Saturday, July 7, 2007

Response to David Hogberg's Analysis of the Mortality Rate/Health Reform Nexus

David Hogberg, Ph.D. of the National Center for Public Policy Research argues that life expectancy and infant mortality rates are not good indicators of the quality of the American health care system.

His point is worth considering because arguments for increased government involvement in the financing of health care often rest on the claim that US mortality rates are not lower than other countries', but our health care costs are higher. There is little argument that our health care costs are considerably higher than all other countries'. According to Dr. Hogberg, health care spending does not extend life. If Dr. Hogberg is correct, then current debate about health reform is misguided. If he is correct, it would be better to de-fund our health system rather than continue to subsidize a system that is very expensive and does little to extend life.

Health costs' not increasing mean life expectancy implies either that a small percentage of people incur the costs and their lives are extended, but they are too few in number to influence the mean; or that medical care is a sham and does not extend life. In either case, it would suggest that our current system is a failure, and the reason is that modern medicine does not work well.

If medical care does not improve life expectancy, questions that ought to be asked are:

-"Why are physicians licensed?"
-"Why are tax exemptions given to health plans?"
-"Why are hospitals not closed down from a plethora of fraud suits?"

Perhaps they should be. If the health care system does not extend life, then the promise of modern medicine has been vastly exaggerated. The question isn't socialized medicine versus private medicine. The question is, do we pay for bogus treatments or not?

In addition, Dr. Hogberg argues that life expectancy is not a good indicator of the quality of health care systems because it does not control for interaction with the health care system. Many people die without having seen a doctor. But on this point Dr. Hogberg begs the chief criticism of the American health care system: lack of access. Unless there is reason to believe that random events like sudden death heart attacks or sudden death car accidents occur at greater rates in the United States, the question of access is the chief concern of proponents of a national health plan. Access in America is the worst in the industrialized world, so saying that lack of interaction explains high mortality rates concedes the critics' chief point. It is anything but an argument for not using mortality as a measure of the quality of health care.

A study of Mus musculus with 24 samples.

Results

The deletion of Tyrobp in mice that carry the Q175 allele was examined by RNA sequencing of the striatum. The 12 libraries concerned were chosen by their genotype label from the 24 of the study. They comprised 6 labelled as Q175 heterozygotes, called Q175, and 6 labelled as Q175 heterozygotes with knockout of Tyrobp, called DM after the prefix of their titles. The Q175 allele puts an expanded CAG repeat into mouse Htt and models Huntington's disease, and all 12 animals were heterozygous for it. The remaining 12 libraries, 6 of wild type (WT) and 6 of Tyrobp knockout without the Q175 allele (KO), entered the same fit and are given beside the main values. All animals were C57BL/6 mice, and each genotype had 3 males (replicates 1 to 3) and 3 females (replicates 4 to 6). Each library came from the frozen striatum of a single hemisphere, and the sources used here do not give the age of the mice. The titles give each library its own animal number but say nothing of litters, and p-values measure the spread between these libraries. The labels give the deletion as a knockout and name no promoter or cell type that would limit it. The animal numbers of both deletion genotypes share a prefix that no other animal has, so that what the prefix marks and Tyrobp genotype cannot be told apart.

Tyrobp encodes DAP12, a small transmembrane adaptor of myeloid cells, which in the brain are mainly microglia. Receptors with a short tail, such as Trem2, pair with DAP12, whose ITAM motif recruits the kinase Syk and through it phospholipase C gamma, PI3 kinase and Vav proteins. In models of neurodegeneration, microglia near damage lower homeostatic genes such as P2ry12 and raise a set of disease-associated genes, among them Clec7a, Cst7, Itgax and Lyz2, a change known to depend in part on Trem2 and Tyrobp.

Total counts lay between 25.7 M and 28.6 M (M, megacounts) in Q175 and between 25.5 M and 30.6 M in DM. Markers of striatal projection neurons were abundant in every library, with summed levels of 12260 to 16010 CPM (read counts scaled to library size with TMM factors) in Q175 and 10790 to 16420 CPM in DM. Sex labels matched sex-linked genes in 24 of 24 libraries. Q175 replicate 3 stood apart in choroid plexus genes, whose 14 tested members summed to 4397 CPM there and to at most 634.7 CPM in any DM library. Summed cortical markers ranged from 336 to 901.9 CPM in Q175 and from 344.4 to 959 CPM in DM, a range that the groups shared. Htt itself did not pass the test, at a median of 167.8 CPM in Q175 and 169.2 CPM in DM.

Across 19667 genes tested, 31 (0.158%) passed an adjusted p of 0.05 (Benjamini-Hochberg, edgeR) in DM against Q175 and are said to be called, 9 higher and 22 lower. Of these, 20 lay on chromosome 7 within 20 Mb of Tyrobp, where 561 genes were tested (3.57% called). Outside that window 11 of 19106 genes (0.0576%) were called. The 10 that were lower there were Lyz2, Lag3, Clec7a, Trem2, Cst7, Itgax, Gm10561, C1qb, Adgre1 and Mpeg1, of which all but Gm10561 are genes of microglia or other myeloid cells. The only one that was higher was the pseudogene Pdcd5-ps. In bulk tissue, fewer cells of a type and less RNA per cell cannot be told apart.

If many people are not obtaining access to the US system, then, argue critics, that is a serious problem that Dr. Hogberg seems to explain away. If there is limited access say by poor people, then the system has an access problem. Saying that lack of interaction excuses the system from criticism begs the question of why access in the US is poor, despite the extremely high costs (roughly 50% more than many other industrialized countries').

However, Dr. Hogberg's point that the health care system does not affect mortality is potential dynamite. If not, why have a health care system at all? Dr. Hogberg suggests that "a health care system has, at most, minimal impact on longevity." If this is so, I am puzzled as to why we are spending 16 percent of our gross domestic product on it. Shouldn't people assume that when they receive cancer treatments that the treatments will have an effect on extending their lives? What part of health care spending is the part that we should assume doesn't extend life?

If there is any merit to Dr. Hogberg's argument, it would seem that there needs to be considerable reevaluation of why we are spending 16 percent of gdp on health care. There needs to be validation of what the system is accomplishing. Where is the data? Are we spending more on cancer treatments than other countries, and if so, do those treatments prolong life? If not, why are we spending money on the treatments?

Christian Scientists limit their exposure to physicians and the health system. How different is the life expectancy of Christian Scientists from those who visit physicians?

Dr. Hogberg claims:

"A health care system has, at best, minimal impact. Thus, life expectancy is not a statistic that should be used to inform the public policy debate on health care."

Far from defending the current system, Dr. Hogberg seems to imply that it is fraudulent. This may be the case. I am puzzled, though, why the public does not make greater demands for validation of current treatment approaches, and why the public continues to be happy with a system that has minimal effect on life extension (if that is the case). Perhaps as a nation we need to revert to the common sense of earlier generations and demand results. Physicians who do not heal should not be paid.

If health care does not extend life, government should be removed from it. Since they are fakes, doctors do not deserve to be licensed, and the public should not support health care through subsidies of hospitals, tax exemptions or deductions for employer plans. Validation statistics should be published, just as McDonald's publishes the calories in a big mac with cheese, so we can validate whether there is anything to health care's life extension potential.

Not only should the system not be nationalized or socialized; it should be debunked. The public should demand that health care justify itself by proving that its treatments work. Dr. Hogberg suggests that they do not.